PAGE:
May 8, 2006
A jury has found Hamid Hayat, a 23-year-old resident of Lodi, California, guilty of “providing material support to terrorists.” In his sentencing, scheduled for July, Hayat will get at least 30 years in prison.
Government officials declared the verdict a victory against terrorism. U.S. Attorney General Alberto Gonzales issued a statement, saying: “... Justice has been served against a man who supported and trained with our terrorist enemies in pursuit of his goal of violent jihad.”
But did Hayat really do that? In fact, the prosecution produced not one shred of direct evidence to support the only accusation against Hayat – that he attended terrorist training camps in Pakistan. Nor did it even try to show that he was preparing terrorist acts after his return to the U.S. It couldn’t.
The only thing the prosecution had was a videotaped confession by Hayat. When Hayat finally agreed he had been in a camp in Pakistan, he had been held for days incommunicado, harassed. His so-called “confession” was nothing but a repeat of the very words used by the FBI agents themselves. Anyone who has watched enough cop shows on TV knows what this kind of “confession” is worth as legal evidence!
The government had little concern for legality or fairness in this case. The proof is the way Hayat was indicted in the first place.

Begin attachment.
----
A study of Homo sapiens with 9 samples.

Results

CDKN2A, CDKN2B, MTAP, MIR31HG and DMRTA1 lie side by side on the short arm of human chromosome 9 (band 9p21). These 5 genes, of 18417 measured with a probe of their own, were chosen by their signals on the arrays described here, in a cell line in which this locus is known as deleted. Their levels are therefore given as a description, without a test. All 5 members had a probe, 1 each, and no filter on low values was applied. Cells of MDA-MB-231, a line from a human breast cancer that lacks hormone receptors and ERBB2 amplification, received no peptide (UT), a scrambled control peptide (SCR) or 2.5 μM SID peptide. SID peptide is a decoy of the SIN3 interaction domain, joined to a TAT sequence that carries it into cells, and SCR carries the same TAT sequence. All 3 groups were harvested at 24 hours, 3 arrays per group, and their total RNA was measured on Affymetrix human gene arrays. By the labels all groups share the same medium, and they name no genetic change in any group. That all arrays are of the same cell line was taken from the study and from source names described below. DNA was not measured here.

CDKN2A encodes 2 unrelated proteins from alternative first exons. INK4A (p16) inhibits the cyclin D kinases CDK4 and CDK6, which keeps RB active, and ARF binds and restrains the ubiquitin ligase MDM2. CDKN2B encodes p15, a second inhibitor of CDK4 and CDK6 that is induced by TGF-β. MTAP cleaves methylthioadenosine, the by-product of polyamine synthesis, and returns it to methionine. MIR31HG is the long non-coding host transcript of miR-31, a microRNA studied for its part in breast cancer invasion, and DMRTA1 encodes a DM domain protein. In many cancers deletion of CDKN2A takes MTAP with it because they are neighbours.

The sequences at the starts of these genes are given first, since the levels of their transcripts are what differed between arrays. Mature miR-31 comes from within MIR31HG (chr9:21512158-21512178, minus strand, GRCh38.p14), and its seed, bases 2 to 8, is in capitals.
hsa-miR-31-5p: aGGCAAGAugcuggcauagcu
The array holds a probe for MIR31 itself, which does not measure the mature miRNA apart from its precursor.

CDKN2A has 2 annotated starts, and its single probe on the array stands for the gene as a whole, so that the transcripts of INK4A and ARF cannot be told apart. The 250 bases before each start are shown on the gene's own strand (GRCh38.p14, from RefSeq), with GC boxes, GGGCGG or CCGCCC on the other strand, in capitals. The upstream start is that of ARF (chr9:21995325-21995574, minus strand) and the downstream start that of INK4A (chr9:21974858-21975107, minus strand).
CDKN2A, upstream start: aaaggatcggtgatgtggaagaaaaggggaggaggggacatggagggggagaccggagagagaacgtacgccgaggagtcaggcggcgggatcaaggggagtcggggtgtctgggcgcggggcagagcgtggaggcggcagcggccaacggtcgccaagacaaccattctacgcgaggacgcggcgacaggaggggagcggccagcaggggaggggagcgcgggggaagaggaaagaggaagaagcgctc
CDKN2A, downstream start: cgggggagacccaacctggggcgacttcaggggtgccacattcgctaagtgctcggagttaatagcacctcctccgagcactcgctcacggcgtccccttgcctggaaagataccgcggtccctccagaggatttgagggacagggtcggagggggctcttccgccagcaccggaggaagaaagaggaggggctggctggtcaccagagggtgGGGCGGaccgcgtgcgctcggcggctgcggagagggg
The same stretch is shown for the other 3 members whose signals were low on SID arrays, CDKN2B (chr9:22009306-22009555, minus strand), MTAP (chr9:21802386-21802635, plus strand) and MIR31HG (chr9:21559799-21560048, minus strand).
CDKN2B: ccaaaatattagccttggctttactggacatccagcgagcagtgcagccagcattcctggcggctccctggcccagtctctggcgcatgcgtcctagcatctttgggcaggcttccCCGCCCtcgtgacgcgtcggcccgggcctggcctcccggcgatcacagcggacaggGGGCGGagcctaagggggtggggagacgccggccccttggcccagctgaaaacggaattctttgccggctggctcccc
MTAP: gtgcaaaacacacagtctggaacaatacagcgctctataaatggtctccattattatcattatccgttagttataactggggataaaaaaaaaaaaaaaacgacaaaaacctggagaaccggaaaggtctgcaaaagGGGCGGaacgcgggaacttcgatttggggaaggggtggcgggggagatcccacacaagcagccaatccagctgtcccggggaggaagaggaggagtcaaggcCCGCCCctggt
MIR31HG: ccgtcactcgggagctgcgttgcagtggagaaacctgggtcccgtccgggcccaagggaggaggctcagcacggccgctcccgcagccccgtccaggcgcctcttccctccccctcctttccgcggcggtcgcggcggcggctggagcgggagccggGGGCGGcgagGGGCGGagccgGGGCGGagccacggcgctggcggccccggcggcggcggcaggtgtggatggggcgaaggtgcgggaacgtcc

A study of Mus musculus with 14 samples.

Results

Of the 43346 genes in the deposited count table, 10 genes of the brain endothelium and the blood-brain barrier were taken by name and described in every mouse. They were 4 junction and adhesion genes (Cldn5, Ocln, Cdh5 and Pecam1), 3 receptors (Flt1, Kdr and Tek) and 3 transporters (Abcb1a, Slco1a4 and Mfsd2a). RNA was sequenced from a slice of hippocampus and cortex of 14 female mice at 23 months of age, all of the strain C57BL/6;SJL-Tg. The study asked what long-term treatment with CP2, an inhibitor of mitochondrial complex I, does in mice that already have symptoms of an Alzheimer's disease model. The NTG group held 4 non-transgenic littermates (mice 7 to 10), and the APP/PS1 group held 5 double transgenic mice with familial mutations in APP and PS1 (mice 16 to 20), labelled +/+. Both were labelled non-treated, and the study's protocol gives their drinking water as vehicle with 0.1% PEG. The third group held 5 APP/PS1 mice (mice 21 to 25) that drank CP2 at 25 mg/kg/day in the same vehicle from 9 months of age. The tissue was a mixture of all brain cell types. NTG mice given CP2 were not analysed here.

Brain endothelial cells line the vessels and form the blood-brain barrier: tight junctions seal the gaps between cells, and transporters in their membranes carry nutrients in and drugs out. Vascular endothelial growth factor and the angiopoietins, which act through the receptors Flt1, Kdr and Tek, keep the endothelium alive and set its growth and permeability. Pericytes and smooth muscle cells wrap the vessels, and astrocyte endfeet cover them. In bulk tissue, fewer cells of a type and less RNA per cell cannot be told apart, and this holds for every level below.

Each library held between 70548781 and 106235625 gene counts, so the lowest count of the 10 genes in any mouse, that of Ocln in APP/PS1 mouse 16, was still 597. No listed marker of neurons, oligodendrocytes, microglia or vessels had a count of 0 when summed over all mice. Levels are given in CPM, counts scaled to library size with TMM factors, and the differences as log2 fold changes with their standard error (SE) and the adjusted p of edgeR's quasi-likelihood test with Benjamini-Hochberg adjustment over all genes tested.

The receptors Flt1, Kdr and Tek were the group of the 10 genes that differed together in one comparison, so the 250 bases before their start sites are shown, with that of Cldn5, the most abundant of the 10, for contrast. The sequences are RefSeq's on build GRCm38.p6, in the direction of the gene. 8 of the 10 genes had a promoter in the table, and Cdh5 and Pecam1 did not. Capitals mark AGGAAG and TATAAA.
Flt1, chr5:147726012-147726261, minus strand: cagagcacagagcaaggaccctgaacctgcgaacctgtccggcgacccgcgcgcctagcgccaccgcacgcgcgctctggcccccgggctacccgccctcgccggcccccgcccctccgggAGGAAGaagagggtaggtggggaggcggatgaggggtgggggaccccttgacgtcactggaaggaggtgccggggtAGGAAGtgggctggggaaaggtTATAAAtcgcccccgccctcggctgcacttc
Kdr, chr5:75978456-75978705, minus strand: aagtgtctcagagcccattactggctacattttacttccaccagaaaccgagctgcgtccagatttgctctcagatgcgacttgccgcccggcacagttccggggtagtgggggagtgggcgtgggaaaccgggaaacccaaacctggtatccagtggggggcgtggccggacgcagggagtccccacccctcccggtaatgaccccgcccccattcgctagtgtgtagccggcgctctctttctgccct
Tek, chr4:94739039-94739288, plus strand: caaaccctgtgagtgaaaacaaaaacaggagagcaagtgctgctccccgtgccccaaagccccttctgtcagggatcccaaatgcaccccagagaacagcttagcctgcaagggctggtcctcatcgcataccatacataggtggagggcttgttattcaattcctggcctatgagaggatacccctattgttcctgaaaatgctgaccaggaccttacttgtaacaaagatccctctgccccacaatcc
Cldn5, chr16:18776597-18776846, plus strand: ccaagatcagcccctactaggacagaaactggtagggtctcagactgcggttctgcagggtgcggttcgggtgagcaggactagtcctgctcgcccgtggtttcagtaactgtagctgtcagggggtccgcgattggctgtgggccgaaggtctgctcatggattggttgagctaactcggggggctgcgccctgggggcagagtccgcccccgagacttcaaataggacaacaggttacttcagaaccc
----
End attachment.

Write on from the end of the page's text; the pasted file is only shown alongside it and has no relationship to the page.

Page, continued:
Hayat, who was born in the U.S. and is a U.S. citizen, was accused by Naseem Khan, a man who volunteered to give “evidence” to the FBI – for a price! Khan befriended Hayat, who is about 10 years younger. In his taped conversations with Hayat, Khan is the only one who talks about “training.” Once Khan even swears at Hayat and tells him to “be a man” and go to a camp!
In May 2005, on his way back from Pakistan, Hayat was interrogated in Japan by the FBI and cleared for entry to the U.S. But the FBI visited Hayat a month later in Lodi, where he had gotten a job packing fruit. When he and his father Umer showed up for an interview in Sacramento, the FBI put them under lock and key until it got these so-called “confessions.”
The father’s trial has ended in a hung jury. And since the verdict against his son, at least one juror has already come forward saying that she was pressured by other jurors to vote guilty even though she felt Hayat was not guilty.
In any other time period, this kind of case would not even have gone to trial. But in the aftermath of 9/11, every prosecutor eager to make a career move looks for a Middle-Eastern man he can point at, crying “terrorist.”
This is what the campaign against so-called “terrorism” has produced – false arrest, false imprisonment, under an atmosphere of hysteria.
Stop the victimization of the Hayat family and others like them!